On my twelfth birthday, I remember expressing my eagerness for the next ten years to pass so that my age would, once again, be a palindrome (12 just didn't have the same ring to it as 11). That was the first and last time I've ever been excited to be 22.
I graduated from college in May and moved to the (big, bad) city soon after. In the months since graduation, I have been trying to figure out who I am as a person, graduate, city-dweller and friend. But my process of self-exploration has failed to turn up many concrete answers. This, I've realized, is because 22 is the age of in-betweens -- in between adolescence and adulthood, in between relationships, in between this job and that career -- and it's nearly impossible to know who you are when you are still "becoming."
Unfortunately, not everyone sympathizes with this dilemma. At 22, we are often expected to play both sides of the divide. We are expected to be adults -- to have our professional lives figured out, know the salad fork from the dinner fork, keep track of our finances, manage our healthcare, and so on. On the other hand, we are expected to have the stamina and, to some extent, to maintain the lifestyles of our 18-year-old counterparts. How can we possibly fulfill all of these expectations? The answer, simply, is that we cannot. So, do we have to decide concretely between these two sides? Some people would say yes, a 22-year-old can be either a fully-mature adult or a beer-swilling reprobate whose personal growth halted at graduation. But this can't be true -- at least, I refuse to accept it. There has to be something special, unique, definitional about us in-betweeners.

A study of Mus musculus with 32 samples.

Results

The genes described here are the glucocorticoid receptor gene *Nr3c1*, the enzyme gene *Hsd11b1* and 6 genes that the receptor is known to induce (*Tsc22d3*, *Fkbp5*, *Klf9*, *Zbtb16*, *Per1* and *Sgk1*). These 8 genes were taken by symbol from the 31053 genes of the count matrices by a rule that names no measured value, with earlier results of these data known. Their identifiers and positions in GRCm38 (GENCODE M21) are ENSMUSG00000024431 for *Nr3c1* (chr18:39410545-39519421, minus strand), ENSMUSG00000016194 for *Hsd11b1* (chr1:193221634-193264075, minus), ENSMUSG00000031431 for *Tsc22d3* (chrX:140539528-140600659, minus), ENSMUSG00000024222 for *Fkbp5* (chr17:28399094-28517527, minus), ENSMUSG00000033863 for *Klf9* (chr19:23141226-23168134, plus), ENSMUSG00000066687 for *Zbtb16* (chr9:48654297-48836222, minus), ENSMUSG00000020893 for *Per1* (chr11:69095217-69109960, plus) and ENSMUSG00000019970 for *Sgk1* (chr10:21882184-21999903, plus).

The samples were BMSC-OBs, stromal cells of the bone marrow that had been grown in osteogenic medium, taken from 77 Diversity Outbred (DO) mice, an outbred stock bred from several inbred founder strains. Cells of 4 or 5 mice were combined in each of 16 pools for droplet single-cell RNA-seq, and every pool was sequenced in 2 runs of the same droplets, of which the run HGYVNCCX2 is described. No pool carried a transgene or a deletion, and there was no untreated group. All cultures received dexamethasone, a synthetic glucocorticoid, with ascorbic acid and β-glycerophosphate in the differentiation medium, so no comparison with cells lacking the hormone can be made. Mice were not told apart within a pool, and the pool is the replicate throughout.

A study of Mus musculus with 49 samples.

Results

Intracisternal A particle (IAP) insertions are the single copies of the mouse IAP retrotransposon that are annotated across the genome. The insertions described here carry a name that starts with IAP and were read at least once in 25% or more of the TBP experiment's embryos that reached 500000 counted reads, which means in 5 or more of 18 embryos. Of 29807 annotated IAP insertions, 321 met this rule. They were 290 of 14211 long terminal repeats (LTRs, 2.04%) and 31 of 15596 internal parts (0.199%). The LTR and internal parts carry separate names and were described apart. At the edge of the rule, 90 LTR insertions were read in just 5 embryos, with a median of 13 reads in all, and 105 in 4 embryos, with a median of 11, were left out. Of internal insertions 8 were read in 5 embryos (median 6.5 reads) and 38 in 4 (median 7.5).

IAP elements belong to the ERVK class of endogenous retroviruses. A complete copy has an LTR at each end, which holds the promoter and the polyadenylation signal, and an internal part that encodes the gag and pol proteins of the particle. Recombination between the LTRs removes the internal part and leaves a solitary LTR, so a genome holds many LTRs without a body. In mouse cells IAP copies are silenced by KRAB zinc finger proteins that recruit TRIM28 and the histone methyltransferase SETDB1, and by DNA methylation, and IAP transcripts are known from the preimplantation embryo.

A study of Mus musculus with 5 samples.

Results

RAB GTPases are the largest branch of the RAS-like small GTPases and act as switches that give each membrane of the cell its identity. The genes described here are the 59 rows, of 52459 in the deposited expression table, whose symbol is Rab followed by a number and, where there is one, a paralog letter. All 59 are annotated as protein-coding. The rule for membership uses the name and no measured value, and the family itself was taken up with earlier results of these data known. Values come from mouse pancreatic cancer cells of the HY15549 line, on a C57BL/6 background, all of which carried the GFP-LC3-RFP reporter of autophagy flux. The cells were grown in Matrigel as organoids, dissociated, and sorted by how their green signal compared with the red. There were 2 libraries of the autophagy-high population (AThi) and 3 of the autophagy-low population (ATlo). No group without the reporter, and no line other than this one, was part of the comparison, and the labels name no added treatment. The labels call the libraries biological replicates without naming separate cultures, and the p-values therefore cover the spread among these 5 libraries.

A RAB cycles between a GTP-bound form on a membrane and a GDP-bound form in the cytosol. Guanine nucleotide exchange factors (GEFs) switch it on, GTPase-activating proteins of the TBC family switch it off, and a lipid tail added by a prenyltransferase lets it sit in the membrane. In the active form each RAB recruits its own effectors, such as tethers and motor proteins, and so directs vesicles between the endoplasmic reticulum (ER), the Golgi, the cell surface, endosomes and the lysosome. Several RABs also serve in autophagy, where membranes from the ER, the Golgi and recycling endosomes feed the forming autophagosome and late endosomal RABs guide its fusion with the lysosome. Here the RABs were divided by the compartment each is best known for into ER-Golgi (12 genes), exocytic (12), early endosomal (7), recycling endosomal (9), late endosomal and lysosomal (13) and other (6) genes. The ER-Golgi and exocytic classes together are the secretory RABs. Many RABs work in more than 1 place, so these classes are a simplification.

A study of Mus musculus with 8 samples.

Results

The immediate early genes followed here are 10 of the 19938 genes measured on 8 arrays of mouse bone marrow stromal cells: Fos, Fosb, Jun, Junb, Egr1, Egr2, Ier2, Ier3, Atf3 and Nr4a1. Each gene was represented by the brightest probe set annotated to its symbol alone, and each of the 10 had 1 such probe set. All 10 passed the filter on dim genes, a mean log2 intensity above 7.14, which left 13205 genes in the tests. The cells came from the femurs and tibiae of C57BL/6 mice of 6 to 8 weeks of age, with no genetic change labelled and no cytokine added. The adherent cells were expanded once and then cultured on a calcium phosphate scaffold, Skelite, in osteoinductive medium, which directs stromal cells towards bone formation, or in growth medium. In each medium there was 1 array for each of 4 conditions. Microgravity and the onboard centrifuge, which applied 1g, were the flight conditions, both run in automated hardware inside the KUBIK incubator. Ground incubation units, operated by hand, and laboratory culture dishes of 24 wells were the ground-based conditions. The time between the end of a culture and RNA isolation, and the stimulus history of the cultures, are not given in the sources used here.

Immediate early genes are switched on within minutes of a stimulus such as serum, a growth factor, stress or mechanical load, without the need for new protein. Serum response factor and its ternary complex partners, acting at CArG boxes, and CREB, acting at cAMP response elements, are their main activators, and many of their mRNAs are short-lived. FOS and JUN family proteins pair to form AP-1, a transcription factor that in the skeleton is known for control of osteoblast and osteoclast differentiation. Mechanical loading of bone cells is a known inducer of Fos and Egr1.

Perhaps it is the very fact of being in-between. So much of the world is open to us, and while we navigate the course of our own personal change, we are plugged in to the growth plates of society. We've heard it before -- Obama's emphasis on it helped him secure office twice -- but we are the engine of change. Unfortunately, this notion has become a cliché, and its deep importance is readily overlooked.
In school, we learn about the historical and social trends that delivered us to the present. This paradigm of study tends to obscure the continuity of these developments by suggesting that we've made it to the future and every change up to this point has been leading to this culminating moment. We have been taught to uphold the status quo because we have been taught to ignore the flux in which even modern society inheres.
So, let's embrace this. Let's remember that the world is changing with us and because of us. Recognition of this might help to mitigate the competing pressures to cling to youth and to "just grow up already!" We don't have to mirror our parents' generation -- nor should we try to!
This broad analysis of our societal role may not seem to offer any reassurance about the day-to-day struggles of 22-year-old life. But, it should. My friend, Chloe Sarbib, put it well when she said that life at our age can feel like we're "falling through space-time." Remembering that the world itself is undergoing a constant process of maturation can give us something to grab on to in this freefall.
So, talk about it, text about it, tweet about it. We shouldn't be ashamed of being in-between -- in fact, we should tout it. And the more open we are about our own processes of development, the more we can carve out a unique role for ourselves and help to direct the development of our society at large. Because, remember, the world is perennially a 22-year-old.